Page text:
Natural Hair Growth Supplements – 6 Helpful Points to Keep In Mind
By Jacqueline Samaroo
It’s no secret that nourishing your body with the right nutrients on the inside is the best way to get the healthy, strong hair you want. But, does it matter where those nutrients come from – foods or hair growth supplements?
Well, while dietary supplements do have definite benefits, there are a few things you’ll want to consider when it comes to using supplements for hair growth.
1. Whole foods are still the best source.
Without a doubt, a balanced diet is the best choice for maintaining general health and for healthy natural hair growth. Eating a wide variety of whole foods is all most of us need to do to get the nutrients we need.
That said, dietary supplements can be of benefit to some persons and are a convenient way for these persons to achieve their recommended nutrient intake.
Dietary supplements for hair growth cover an array of nutrients and nutrient sources, including:
- Minerals, such as calcium, iron, and zinc
- Amino acids
- Fish oils
- Herbs and botanicals
Plus, supplements come in several different forms. So, if downing those often huge multivitamin tablets isn’t your thing, there are also capsules, gummies, liquids, powders, and tinctures to choose from. It all depends on how best the nutrients are delivered and how you prefer to take them.
2. Some persons need supplements.
Dietary supplements are recommended for certain groups of persons who are deemed to be at risk of deficiency. These include:
- Babies, especially those who are partially or exclusively breastfed.
- The elderly, for example, those who may have difficulty chewing certain types of food.
- Pregnant/lactating women, including those who are trying to get pregnant.
- Persons with food allergies, such as a dairy or nut allergy, preventing them from consuming some nutrient sources.
- Persons on special diets that limit or eliminate certain food groups. For example, some vegetarian and vegan diets may be lacking in vitamin B12, vitamin D, and calcium.
Certain illnesses and medication may also affect nutrient uptake and metabolism, giving rise to the need for supplements.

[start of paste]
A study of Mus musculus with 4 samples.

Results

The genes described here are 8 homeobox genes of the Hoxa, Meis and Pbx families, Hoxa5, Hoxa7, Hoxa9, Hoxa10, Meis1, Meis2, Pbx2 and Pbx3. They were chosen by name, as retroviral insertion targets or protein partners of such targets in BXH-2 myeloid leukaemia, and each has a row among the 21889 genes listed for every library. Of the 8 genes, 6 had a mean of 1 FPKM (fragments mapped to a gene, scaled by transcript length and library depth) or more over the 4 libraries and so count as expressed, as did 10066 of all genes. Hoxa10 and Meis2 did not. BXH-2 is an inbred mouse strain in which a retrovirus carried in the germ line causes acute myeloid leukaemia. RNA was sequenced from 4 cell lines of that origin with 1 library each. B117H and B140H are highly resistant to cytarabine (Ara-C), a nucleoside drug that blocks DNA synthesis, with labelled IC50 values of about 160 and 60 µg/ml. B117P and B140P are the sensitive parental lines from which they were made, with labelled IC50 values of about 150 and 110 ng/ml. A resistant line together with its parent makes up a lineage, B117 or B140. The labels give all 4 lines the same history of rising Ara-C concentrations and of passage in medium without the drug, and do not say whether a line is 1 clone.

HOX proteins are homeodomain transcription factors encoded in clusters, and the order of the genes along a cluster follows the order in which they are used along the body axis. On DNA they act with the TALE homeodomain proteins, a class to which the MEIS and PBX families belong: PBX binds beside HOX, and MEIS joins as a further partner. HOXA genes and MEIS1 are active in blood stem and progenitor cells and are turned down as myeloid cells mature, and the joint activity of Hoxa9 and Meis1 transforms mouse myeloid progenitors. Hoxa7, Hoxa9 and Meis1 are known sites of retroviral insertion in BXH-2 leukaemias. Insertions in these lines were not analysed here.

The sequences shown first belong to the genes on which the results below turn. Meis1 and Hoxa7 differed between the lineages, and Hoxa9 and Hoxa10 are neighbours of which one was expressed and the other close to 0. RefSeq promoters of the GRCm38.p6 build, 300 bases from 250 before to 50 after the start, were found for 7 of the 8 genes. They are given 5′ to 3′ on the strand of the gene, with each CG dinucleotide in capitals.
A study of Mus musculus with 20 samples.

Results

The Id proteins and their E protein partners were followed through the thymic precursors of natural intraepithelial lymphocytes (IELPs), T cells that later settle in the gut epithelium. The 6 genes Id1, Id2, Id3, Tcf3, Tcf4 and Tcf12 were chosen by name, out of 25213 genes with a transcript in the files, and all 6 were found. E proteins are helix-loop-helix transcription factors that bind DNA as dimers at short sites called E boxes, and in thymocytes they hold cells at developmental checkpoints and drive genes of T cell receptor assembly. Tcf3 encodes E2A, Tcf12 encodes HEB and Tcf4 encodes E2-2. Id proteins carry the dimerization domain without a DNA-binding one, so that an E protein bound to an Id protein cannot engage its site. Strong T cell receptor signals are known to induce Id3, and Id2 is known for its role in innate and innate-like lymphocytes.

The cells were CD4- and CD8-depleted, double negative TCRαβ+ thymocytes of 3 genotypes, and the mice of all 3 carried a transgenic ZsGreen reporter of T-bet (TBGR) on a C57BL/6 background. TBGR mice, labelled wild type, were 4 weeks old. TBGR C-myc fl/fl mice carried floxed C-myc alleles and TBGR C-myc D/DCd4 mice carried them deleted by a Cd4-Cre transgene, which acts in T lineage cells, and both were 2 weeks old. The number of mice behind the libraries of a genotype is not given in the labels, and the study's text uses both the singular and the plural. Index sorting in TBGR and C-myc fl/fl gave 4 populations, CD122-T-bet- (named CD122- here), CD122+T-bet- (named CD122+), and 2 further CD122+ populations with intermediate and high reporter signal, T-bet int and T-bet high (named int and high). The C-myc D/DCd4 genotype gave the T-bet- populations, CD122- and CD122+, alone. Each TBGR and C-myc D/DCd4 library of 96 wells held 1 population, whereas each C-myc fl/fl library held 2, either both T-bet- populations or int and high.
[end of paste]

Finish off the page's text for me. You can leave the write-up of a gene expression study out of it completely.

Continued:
3. Nutrient deficiencies are not common.
Nutrient deficiencies are relatively rare in the US and, for that matter, within much of the Western world. However, the nutrients for which deficiency is most often seen are:
- Vitamin D
4. There are deficiency signs to look for.
Some deficiency symptoms to look out for (and discuss with your doctor) include:
- Excessive hair loss
- Brittle hair and nails
- Wounds that heal slowly
- Joint and bone pain
- Chronic tiredness
- Unexplained mood changes
- Irregular heartbeat
- Tingling and/or numbness in the hands and feet
- Changes in vision
Deficiency, possible deficiency, or risk of a deficiency can be assessed by your doctor through consultation, examination, and blood tests.
5. Consult your doctor or dietician.
Both of these health professionals can help determine whether you have or are at risk of a nutrient deficiency. Let your doctor know of any symptoms you are experiencing and any specific supplement you have in mind. They can assess the possible adverse effects of supplements with prescription or OTC medication you may be taking.
Sometimes, a change in what you eat may be all that is necessary to fix a deficiency. Your dietician may be able to suggest foods you can add to your diet to boost your intake of specific nutrients.
6. Remember, there are no FDA-approved supplements, so…
It is wise to choose hair growth supplements from brands you know or which have good a good track record of making high-quality products. Check the labels of any hair growth supplements you are thinking of purchasing. Look for some indication that the supplement has undergone reputable third-party testing.
A seal of approval from NSF International, US Pharmacopeia, Underwriters Laboratory (UL), or Consumer Lab is always good to see.
Do your own research, too. Look for studies focusing on the use of a particular supplement. Trustworthy sources include the National Institutes of Health – PubMed database and the National Institute of Health – Office of Dietary Supplements.
What are your thoughts on supplements for hair growth? Share!